INDIANAPOLIS—Human services nonprofits’ ability to meet their clients’ needs will be strengthened by new research to be conducted by emerging scholars nationwide.
The Center on Philanthropy at Indiana University has awarded grants of $25,000 to 10 young scholars at universities around the U.S. who are studying human services philanthropy and nonprofit organizations.
The awards are part of the Center on Philanthropy’s Advancing Knowledge in Human Services Philanthropy and Nonprofit Organizations (Advancing Knowledge) initiative, supported with funding from The Kresge Foundation.
“Human services nonprofits provide front-line care and vital services to the most vulnerable members of a community,” said Patrick M. Rooney, executive director of the Center. “Yet many of them are vulnerable too. External forces such as changes in the economy, public policy or demand for their services, and internal challenges such as adequate staffing, funding and lack of time and resources for planning and training make their work more difficult. These grants will provide important knowledge and best practices to help them overcome such challenges and increase their ability to serve their communities.”
The 10 funded research projects focus on human services nonprofit organizations assisting low-income populations and will have the potential to affect the practices and philanthropic support of human services nonprofits, such as food banks, homeless shelters, housing organizations and others that meet basic human needs.
Four thematic areas of research within the field of human services organizations will be addressed by the scholars’ research:
1. Organizational Effectiveness
2. Social Change and Impact
3. Government and Public Policy
4. The Role of Philanthropy
Pre-tenure scholars at accredited universities and nonprofit research institutions in the U.S. who received terminal degrees within the past seven years were eligible for the research funding. Recipients will join a community of scholars seeking to improve the practice of human services organizations. Grantees will work with mentors and an advisory council to produce and disseminate findings that improve the practice of human services philanthropy over the next two years.
Scholars, mentors and the advisory council will also collaborate to generate a “State of the Research” report on human services philanthropy. Findings from the initiative will be released in early 2013.
The scholars, their institutions and their proposal titles are:
University of Southern California
From Structure to Composition: What Influences Network Effectiveness?
Cleveland State University
Asset Education and Nonprofit Organizational Effectiveness
Eve E. Garrow
University of Michigan
A Comparative Study of Advocacy Frames Advanced in Congressional Debates in the
Welfare and Homeless Policy Fields
University of Illinois at Chicago
Nonprofits and Voter Engagement in the U.S.
Lindsey M. McDougle
University of Pennsylvania
Community Variations in the Quantity and Quality of Human Services Nonprofits: The Association to Public Perceptions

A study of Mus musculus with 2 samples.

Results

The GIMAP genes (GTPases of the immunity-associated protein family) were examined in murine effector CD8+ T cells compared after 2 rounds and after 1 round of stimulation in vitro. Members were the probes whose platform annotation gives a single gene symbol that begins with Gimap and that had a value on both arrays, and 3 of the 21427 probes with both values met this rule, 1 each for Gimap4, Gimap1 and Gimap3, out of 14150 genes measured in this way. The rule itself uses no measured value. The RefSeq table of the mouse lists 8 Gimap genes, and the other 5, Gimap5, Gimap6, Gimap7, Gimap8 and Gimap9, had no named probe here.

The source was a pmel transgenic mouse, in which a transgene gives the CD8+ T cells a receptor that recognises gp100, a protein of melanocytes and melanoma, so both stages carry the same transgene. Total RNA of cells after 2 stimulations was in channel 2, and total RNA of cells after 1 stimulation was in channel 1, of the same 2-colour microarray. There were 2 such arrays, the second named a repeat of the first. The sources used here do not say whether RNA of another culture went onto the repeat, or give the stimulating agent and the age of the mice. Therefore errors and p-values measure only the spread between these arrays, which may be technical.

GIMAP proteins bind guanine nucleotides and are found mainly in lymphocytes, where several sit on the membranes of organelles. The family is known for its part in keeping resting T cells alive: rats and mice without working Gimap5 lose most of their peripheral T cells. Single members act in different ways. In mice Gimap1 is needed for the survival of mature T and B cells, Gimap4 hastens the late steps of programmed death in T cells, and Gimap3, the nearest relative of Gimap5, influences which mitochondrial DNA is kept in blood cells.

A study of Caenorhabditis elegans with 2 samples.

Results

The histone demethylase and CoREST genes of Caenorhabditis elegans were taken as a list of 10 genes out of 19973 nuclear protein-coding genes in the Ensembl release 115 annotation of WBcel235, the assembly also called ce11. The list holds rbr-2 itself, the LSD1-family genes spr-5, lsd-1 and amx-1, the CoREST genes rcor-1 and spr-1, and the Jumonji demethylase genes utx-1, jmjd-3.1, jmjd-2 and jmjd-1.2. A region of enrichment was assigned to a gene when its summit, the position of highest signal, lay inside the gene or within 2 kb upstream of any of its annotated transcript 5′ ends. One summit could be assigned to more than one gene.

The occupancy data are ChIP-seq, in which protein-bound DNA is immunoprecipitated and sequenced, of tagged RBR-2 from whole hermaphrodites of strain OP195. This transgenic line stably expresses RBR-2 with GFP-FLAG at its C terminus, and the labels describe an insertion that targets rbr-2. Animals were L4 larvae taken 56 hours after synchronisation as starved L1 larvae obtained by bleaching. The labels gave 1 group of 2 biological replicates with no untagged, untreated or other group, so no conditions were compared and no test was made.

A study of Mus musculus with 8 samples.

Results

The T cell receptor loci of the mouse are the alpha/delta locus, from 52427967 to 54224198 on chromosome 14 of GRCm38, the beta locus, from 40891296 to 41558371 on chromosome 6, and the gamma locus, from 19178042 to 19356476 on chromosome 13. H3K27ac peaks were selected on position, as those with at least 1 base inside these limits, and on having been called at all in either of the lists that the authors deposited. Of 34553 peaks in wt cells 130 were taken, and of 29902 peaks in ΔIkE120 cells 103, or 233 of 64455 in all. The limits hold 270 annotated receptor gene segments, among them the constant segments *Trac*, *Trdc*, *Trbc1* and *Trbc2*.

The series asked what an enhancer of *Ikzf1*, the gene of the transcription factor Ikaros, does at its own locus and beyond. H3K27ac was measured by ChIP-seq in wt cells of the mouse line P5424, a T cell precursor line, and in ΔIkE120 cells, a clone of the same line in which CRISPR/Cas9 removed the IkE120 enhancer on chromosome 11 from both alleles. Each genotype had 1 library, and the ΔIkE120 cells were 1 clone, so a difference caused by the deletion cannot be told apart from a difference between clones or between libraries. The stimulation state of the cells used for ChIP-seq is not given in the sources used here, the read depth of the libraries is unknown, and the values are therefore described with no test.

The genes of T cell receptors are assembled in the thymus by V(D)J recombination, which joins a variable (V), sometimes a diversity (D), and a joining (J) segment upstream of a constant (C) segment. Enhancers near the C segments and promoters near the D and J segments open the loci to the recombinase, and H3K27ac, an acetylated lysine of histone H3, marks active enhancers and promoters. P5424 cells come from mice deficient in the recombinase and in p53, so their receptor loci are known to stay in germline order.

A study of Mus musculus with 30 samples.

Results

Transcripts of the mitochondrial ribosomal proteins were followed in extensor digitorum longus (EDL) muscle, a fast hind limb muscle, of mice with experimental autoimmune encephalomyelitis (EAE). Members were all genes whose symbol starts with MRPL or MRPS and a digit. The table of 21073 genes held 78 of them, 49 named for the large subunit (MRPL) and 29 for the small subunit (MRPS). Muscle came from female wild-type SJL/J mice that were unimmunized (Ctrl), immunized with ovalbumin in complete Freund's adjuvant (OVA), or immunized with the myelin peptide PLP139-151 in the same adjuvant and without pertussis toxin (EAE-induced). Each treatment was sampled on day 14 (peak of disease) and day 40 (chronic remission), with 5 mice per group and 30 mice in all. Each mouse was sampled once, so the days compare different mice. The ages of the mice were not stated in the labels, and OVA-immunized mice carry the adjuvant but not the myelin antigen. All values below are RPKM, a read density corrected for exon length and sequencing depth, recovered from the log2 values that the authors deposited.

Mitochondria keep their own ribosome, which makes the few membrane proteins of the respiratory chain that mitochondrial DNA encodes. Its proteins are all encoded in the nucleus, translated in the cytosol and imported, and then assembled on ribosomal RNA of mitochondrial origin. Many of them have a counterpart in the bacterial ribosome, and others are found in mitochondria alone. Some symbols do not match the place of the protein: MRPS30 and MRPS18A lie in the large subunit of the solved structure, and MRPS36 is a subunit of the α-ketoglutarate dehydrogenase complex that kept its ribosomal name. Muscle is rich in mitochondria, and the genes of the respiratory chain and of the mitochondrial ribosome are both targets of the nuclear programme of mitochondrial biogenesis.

Jesse D. Lecy
Georgia State University
An Investigation of Nonprofit Start-Ups: Early Stage of Nonprofit Funding, Vulnerability and Growth
Untangling Web 2.0 Use in the Human Services: Understanding How Human Service Organizations Engage in Electronic Advocacy Strategies to Impact Social Change
University of Missouri-Kansas City
The Geography of Nonprofit Financial Vulnerability: Supply and Demand of Essential Human Services
San Francisco State University
Managing Mission & Revenue Diversification in Complex Policy and Funding Environments: A Study of Nonprofit Housing Organizations
Christopher J. Einolf
Gender, Family, and Human Services Philanthropy
For more information, please refer to the project website: http://philanthropy.iupui.edu/advancingknowledge or contact AKinfo@iupui.edu.
The Center on Philanthropy at Indiana University
550 West North Street, Suite 301
Indianapolis, IN 46202
Phone: (317) 279-8909
About the Kresge Foundation
The Kresge Foundation is a $3.1 billion private, national foundation that seeks to influence the quality of life for future generations by creating access and opportunity in underserved communities, improving the health of low-income people, supporting artistic expression, increasing college achievement, assisting in the revitalization of Detroit, and advancing methods for advancing global climate change. The foundation works in six program areas: arts and culture, community development, education, the environment, health, and human services. In 2010, the Board of Trustees approved 481 awards totaling $158 million; $134 million was paid out to grantees over the course of the year. For more information, visit www.kresge.org.
About the Center on Philanthropy
The Center on Philanthropy at Indiana University, a part of the IU School of Liberal Arts at IUPUI, is a leading academic center dedicated to increasing the understanding of philanthropy and improving its practice worldwide through research, teaching, training and public affairs programs in philanthropy, fundraising, and management of nonprofit organizations. For more information, visit www.philanthropy.iupui.edu.